Although it’s still summer, the first of September feels like a turning of the year, a return to school and schedules, and a farewell to cicadas and the least possible clothing. In parting I celebrate the day with a watercolor of Duck, NC, where the family just spent an idyllic week, and, attesting to the season’s ambivalence, a poem by A.E. Housman.
XXXIX (from Last Poems)
When summer’s end is nighing
And skies at evening cloud,
I muse on change and fortune
And all the feats I vowed
When I was young and proud.
The weathercock at sunset
Would lose the slanted ray,
And I would climb the beacon
That looked to Wales away
And saw the last of day.
From hill and cloud and heaven
The hues of evening died;
Night welled through lane and hollow
And hushed the countryside,
But I had youth and pride.
And I with earth and nightfall
In converse high would stand,
Late, till the west was ashen
And darkness hard at hand,
And the eye lost the land.
The year might age, and cloudy
The lessening day might close,
But air of other summers
Breathed from beyond the snows,
And I had hope of those.
They came and were and are not
And come no more anew;
And all the years and seasons
That ever can ensue
Must now be worse and few.
So here’s an end of roaming
On eves when autumn nighs:
The ear too fondly listens
For summer’s parting sighs,
And then the heart replies.
Starry skies, sunrise, and sea maidens.
Creatures of air, land and sea; and a search for gifts.
Watermelons and wild waves.
A last look at the sunny beach before summer’s end, and a poem by Mary Oliver (b. 1935), whose birthday it is today. (This is not an upload glitch—the Indian Village watercolor paper actually is irregularly shaped.)
Hello, sun in my face.
Hello, you who made the morning
and spread it over the fields
and into the faces of the tulips
and the nodding morning glories,
and into the windows of, even, the
miserable and the crotchety—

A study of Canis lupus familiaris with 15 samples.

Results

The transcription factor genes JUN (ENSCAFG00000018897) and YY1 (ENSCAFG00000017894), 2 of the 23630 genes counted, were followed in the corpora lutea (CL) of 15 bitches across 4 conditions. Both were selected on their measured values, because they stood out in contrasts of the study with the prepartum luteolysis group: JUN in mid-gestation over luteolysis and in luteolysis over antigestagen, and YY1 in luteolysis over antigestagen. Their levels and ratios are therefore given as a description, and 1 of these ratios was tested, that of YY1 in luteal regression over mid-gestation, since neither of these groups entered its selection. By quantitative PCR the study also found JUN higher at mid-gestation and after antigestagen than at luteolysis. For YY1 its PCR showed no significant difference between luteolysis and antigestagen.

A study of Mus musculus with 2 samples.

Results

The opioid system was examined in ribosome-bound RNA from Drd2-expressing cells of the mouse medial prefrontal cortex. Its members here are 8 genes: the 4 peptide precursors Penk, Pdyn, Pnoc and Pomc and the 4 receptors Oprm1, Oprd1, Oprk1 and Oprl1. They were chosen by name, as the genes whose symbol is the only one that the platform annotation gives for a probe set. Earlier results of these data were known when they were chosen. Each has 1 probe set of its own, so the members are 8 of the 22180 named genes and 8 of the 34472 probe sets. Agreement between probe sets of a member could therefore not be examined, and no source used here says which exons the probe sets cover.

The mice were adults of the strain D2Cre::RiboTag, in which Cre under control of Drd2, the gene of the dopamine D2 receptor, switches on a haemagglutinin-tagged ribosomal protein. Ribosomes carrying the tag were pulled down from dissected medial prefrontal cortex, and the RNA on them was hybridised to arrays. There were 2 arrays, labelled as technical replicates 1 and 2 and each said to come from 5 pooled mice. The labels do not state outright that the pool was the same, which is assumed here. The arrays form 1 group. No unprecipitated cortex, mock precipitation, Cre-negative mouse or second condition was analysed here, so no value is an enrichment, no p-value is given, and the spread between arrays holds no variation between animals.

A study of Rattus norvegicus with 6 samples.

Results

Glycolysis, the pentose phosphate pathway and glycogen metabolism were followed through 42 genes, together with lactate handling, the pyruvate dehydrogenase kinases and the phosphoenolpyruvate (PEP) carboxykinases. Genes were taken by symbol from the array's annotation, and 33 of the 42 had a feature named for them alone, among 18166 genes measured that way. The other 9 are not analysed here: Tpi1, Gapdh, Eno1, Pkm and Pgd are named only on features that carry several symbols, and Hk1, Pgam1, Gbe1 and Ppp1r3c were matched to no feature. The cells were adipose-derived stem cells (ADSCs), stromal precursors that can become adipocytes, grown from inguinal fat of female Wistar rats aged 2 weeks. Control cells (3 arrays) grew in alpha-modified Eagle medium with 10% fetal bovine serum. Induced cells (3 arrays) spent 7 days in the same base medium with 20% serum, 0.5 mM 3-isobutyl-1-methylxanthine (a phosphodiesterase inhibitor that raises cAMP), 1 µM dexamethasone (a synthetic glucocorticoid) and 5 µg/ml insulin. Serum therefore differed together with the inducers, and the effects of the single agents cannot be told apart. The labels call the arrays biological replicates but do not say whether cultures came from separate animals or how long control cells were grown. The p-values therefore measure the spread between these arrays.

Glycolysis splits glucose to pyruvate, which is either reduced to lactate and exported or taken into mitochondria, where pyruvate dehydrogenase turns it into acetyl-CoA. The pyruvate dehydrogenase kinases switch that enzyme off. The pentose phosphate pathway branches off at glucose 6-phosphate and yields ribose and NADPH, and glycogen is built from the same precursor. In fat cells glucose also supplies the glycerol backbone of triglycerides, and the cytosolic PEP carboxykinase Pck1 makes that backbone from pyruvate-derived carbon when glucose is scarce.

best preacher that ever was,
dear star, that just happens
to be where you are in the universe
to keep us from ever-darkness,
to ease us with warm touching,
to hold us in the great hands of light—
good morning, good morning, good morning.
Watch, now, how I start the day
in happiness, in kindness.
Yesterday was the birthday of William Wordsworth (1770-1850); thus I post an excerpt from his beautiful Ode on Intimations of Immortality, so appropriate to this season and this day. Happy Passover, Happy Easter, everyone.
Our birth is but a sleep and a forgetting;
The Soul that rises with us, our life’s Star,
Hath had elsewhere its setting
And cometh from afar;
Not in entire forgetfulness,
And not in utter nakedness,
But trailing clouds of glory do we come
From God, who is our home:
Heaven lies about us in our infancy!
—William Wordsworth, from Intimations of Immortality
You can read the poem in entirety here.
For a mini-bio of Wordsworth, please see My Heart Leaps Up. For another painting and favorite poem, please see Dancing with the Daffodils.
The solid houses in the mist
are thin as tissue paper;
the water laps slowly at the rocks;
and the ducks from the north are here
at rest on the grey ripples.
The company in which we went
so free of care, so carelessly,
has scattered. Good-bye,
to you who lie behind in graves,
to you who galloped proudly off!
Pockets and heart are empty.
This is the autumn and our harvest—
such as it is, such as it is—
the beginnings of the end, bare trees and barren ground;
but for us only the beginning:
let the wild goat’s horn and the silver trumpet sound!
Reason upon reason
to be thankful:
for the fruit of the earth,
for the fruit of the tree,
for the light of the fire,
and to have come to this season.
from Meditations on the Fall and Winter Holidays
In honor of the birthday today of Alfred, Lord Tennyson (1809-1892), I post this painting and poem—also suitably celebratory for Trish and Jason’s anniversary.
Move eastward, happy earth, and leave
Yon orange sunset waning slow:
From fringes of the faded eve,
O, happy planet, eastward go:
Till over thy dark shoulder glow
Thy silver sister world, and rise
To glass herself in dewey eyes
That watch me from the glen below.
Ah, bear me with thee, lightly borne,
Dip forward under starry light,
And move me to my marriage-morn,
And round again to happy night.
—Alfred, Lord Tennyson
Trish & Jason
A sketch of the beach in Gloucester, Massachusetts, where we were at this time last year. But we knew back in January when we replaced our ancient furnace that there would be no summer travel for us this year. So, instead we attempt to go swimming every single day, before breakfast, or before dinner. Or sometimes both! That’s two vacations per day.
To see the dangers you risk when you return from an actual trip out of town, please see Bananas.